Preparing name tags – a facilitator’s lament

20150429_081715Yes, this is a blog about preparing name tags. Name tags or badges are those simple and remarkably effective little tools that introduce us to each other at conferences or other events.

Name tags help us overcome our shyness about talking to someone we don’t know by removing the need to ask their name. Or, even if we’ve met before, avoid the embarrassment if I’ve forgotten your name. They help people new to a group navigate faster.

I depend on name tags.

I want and need to know the names of the people around the table or around the room at the retreat or meeting I’m  facilitating. Or across the dinner or lunch table at the conference or special event I’m attending.

If your team isn’t too large and our work together long enough, I’ll learn your names a short time into the meeting. Having the printed name with the face helps me learn. Even in the college classes I’ve taught, I’ve needed name tags for at least three classes for the ones with 20 students before I finally remember who you are.

Unfortunately, most of the time I’m silently cursing the person who picked the type size for the name tags.

You see, my eye sight isn’t what it used to be – near or far. But that’s not unusual. It would be very rare to be in a group where everyone has spectacular vision.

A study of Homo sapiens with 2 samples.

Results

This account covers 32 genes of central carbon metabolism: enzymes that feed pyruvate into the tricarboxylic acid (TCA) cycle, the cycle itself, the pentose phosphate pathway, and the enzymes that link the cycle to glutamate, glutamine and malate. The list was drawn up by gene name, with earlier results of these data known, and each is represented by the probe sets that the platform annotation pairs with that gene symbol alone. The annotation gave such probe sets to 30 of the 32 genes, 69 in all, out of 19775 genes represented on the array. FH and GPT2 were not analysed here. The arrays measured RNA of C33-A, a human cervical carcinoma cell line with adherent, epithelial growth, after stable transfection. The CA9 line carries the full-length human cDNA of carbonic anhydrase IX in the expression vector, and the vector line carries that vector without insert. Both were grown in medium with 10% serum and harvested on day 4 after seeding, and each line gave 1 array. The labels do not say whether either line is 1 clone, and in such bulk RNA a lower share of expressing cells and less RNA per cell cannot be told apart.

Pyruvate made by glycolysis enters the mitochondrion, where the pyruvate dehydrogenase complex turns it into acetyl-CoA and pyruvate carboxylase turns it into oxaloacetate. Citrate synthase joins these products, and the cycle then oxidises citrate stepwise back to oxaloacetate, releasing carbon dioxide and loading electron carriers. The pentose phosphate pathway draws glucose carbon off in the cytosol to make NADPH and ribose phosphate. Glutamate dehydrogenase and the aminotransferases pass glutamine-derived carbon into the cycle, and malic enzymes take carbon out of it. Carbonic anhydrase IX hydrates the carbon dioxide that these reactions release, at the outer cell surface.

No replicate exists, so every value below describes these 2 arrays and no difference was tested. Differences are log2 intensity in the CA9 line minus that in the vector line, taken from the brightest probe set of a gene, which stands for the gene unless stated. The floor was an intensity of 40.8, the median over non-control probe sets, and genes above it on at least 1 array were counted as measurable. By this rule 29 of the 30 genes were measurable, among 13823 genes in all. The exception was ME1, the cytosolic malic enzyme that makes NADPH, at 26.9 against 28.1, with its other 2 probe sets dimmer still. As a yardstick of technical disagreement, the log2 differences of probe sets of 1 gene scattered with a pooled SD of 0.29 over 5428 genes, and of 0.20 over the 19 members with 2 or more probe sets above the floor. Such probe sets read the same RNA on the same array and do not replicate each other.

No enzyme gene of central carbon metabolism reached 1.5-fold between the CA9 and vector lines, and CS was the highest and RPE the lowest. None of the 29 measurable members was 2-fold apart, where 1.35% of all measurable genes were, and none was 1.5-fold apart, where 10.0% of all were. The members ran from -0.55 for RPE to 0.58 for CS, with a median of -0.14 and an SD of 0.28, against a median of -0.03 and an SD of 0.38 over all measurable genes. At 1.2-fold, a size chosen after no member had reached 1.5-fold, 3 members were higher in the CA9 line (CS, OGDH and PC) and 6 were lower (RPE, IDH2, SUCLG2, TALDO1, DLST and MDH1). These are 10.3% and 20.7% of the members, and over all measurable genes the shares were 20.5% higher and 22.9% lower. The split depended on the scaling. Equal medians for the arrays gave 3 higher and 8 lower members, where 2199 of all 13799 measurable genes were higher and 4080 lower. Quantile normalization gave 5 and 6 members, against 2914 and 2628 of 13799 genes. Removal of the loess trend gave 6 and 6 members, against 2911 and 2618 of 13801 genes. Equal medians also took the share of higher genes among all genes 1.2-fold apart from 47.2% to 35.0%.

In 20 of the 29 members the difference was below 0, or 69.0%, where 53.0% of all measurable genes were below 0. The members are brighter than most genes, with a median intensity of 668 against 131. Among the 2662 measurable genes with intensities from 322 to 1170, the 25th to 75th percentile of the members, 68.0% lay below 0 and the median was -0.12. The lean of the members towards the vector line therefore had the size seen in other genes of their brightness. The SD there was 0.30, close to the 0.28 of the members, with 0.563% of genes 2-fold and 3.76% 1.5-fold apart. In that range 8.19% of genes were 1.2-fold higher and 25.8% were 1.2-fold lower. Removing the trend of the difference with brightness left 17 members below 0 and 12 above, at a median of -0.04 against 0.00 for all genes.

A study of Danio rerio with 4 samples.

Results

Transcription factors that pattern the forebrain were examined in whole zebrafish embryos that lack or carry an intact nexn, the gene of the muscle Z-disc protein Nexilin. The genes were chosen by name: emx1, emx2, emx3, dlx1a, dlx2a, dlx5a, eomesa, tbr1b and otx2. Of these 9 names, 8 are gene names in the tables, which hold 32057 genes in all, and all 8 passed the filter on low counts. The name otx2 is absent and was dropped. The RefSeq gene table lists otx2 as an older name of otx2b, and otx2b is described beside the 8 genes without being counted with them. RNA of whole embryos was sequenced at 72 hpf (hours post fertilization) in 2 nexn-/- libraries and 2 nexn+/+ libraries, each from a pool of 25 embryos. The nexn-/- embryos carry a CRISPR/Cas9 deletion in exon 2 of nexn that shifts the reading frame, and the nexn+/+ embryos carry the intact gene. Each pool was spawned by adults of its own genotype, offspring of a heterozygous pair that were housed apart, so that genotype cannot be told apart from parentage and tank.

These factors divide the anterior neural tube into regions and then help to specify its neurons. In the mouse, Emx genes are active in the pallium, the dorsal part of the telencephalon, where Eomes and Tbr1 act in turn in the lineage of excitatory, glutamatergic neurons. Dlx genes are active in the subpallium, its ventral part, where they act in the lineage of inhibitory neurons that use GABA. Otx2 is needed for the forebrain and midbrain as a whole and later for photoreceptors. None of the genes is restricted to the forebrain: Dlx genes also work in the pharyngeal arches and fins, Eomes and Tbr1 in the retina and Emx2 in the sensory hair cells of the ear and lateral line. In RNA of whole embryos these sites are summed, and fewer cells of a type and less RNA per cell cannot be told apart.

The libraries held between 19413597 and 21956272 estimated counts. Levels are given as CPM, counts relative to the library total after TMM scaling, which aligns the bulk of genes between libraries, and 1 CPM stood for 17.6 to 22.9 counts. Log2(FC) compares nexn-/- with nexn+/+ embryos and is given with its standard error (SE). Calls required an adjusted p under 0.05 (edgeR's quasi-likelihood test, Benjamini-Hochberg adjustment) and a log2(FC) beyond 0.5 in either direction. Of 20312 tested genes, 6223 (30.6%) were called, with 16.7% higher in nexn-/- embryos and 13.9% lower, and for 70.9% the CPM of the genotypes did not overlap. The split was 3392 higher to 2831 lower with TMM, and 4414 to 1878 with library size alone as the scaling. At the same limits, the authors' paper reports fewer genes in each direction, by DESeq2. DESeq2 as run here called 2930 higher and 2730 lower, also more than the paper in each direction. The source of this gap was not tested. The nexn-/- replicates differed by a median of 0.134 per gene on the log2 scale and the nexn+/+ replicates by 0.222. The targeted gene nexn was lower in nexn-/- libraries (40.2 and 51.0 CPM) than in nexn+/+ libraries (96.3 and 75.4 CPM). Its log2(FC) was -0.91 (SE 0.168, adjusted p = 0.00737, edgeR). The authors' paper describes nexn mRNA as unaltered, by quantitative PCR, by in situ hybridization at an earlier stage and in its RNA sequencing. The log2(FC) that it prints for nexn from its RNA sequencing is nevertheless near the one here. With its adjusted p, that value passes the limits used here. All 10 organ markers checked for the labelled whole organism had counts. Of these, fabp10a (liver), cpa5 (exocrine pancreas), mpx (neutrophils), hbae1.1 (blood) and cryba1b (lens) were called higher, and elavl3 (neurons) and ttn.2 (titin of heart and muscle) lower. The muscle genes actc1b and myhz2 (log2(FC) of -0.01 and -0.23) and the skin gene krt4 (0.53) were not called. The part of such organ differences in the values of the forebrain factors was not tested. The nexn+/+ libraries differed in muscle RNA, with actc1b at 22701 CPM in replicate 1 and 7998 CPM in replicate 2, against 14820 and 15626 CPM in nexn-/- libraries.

I need REALLY BIG TYPE to be able to read your name from a distance.

How big?

The guidelines for displays are 36 point text or larger to be seen from 5 feet away — that’s half an inch, which in my experience is still pretty tiny for catching the name at a glance. I’d prefer 3/4 to an inch if I’m working close by.

Across the room, display type should be 150 points or larger – which is at least 2 inches.

I only really need your first name to be really large, because that’s the name I’ll be using. Last names and, if needed, the name of your organization can be smaller. When I ask people to write out their own tags, I give them thicker markers (not tiny unreadable ball point pens) and ask them to ink in their first name as large as will fit on the tag.

Right shoulder. And if you are wearing your name on a lanyard, it completely undoes the usefulness of the tag if your name is down around your waist. If the lanyard doesn’t adjust, try knotting it in the back to eye level height.

So… help people connect better by training yourself or your administrative team to put READABLE SIZE NAMES on your name tags.

And I’ll add a kind word  for using those highly readable table tents name tags — especially for board meetings. You can keep them for every meeting and use them to pre-assign seating.Mixing people up can change the dynamics of conversations and help members get to know one another better by moving them to sit beside directors they don’t know as well.

I’d love to hear your name tag tips.